Finance chiefs often have a difficult balance to strike – objective yet allied too


Take the still smouldering controversy over phone hacking at the News of the World, the now closed newspaper published by News International. On the face of it, the ethical issues under scrutiny here are purely editorial. Nevertheless, there is also a financial subplot. The fact that money was paid to private detectives and later to victims inevitably raises questions about authorisation. As such, questions of accountability of the executives at News Corporation - the parent of UK business News International - stretch from the editorial to the finance divisions.

Indeed, wherever you look within an organisation – from employment practices to policies on the environment and sustainability – there is usually a financial dimension. By extension that means that in cases where the ethical practices of a business come under scrutiny the CFO could well have questions to answer.

Finance chiefs often have a difficult balance to strike, says Gillian Lees, head of governance at the Chartered Institute of Management Accountants (CIMA). Accountants are bound by a code of conduct that requires them to act ethically at all times. In theory, this should mean that CFOs are ideally placed to provide an ethical centre of balance for their employers. But in practice they wear multiple caps, acting both as watchdogs and critical movers in driving a business forward.

"These days the CFO is seen as a business partner to the CEO and this makes it just a bit more likely that a conflict of interest will arise," says Lees. "On the one hand, they are expected to be objective. On the other, they are seen as business partners."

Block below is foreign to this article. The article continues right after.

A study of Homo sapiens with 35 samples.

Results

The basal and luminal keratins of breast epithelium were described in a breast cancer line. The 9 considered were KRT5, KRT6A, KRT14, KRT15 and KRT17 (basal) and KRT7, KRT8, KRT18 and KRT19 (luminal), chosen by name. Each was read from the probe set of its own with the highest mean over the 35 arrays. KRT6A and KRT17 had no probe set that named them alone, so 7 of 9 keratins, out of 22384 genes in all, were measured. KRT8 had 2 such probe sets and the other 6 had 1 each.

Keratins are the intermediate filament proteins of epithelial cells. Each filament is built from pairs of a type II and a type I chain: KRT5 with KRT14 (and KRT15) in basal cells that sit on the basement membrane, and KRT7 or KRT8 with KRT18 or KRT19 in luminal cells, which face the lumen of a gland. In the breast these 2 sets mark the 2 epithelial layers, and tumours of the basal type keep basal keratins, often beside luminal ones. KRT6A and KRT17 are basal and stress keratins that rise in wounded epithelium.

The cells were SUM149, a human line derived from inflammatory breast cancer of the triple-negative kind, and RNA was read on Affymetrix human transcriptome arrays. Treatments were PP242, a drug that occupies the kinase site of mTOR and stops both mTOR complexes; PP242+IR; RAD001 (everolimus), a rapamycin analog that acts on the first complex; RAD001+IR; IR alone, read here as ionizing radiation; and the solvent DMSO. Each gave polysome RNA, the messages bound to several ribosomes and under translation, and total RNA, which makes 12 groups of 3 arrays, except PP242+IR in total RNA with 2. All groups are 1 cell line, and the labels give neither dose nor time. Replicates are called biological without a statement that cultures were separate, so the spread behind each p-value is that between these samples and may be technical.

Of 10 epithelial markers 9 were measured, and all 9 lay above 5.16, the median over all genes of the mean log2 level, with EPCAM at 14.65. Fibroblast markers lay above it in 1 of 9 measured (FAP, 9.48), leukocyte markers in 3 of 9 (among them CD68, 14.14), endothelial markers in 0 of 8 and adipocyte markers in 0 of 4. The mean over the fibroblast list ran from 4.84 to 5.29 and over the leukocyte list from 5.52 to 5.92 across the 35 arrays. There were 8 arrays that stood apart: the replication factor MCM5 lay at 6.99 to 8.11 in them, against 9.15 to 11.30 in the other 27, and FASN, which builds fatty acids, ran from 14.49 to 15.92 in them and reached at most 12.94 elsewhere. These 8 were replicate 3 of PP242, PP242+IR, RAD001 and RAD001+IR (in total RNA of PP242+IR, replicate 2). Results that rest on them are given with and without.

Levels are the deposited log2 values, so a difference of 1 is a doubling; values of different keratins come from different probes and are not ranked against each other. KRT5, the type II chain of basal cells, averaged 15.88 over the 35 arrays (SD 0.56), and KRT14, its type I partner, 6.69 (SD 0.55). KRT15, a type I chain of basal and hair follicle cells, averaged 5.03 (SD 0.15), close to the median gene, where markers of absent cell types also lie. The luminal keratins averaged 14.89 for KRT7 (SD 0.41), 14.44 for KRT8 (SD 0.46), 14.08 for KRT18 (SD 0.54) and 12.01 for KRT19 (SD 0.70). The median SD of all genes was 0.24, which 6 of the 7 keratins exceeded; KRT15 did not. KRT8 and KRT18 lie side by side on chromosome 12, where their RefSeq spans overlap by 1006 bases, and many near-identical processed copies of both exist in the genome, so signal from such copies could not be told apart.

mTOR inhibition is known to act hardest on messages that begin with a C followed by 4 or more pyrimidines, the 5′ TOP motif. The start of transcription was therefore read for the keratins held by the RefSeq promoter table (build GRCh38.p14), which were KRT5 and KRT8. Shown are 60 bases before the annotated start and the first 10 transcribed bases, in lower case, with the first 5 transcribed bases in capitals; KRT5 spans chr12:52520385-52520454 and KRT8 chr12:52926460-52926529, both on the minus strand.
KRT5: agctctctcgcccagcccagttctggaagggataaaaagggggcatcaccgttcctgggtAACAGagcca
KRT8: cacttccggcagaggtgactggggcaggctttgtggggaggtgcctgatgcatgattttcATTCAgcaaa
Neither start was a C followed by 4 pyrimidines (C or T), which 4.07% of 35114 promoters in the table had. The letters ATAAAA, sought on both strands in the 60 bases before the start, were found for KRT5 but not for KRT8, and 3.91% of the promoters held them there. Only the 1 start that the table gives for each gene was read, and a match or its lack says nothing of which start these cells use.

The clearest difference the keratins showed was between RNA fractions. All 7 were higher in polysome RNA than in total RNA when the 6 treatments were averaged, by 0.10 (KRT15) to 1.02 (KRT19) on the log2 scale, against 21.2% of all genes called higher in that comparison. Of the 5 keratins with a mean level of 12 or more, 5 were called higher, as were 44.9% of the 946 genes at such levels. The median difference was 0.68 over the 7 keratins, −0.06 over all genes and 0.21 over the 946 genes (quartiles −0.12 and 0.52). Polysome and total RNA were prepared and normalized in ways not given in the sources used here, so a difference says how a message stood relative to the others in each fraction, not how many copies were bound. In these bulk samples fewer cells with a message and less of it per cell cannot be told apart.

But perhaps there is a sense in which it has always been thus. Anyone on a board who stands out against the consensus view runs the risk of being labelled "not a team player". In that respect, the ability of finance professionals to live up to their professional bodies' own codes of conduct requires not only technical skills but also their power to influence.

"It is all about personal qualities," adds Lees. "Qualities such as communication skills and courage."

Nevertheless, Lees believes that CFOs are ideally placed to offer leadership on ethical and cultural issues, as part of a wider risk management process. "The CFO is one of the few people who is in a position both to perceive risk and get the board to listen,"she says.

David Bloom, founder of Finance Director Provider FDU and a CFO at Cultura Creative, agrees that finance chiefs can play a vital role in ensuring that companies operate on a sound ethical basis. Indeed, argues that the ability to do so is the characteristic that defines the quality of the chief financial officer.

"In my opinion it is ethics that separates world class CFOs from the rest," he contends.

A defining quality

Bloom's experienced lies mainly in fast-growth companies with a turnover of up to £100 million, a sector in which incoming CFOs often face ethical challenges as they get to grips with working practices that have been forged in the entrepreneurial hothouse of ambitious start-ups. Many of these businesses are looking forward to major corporate finance deals or a flotation, so establishing an ethical reporting framework is often a first priority.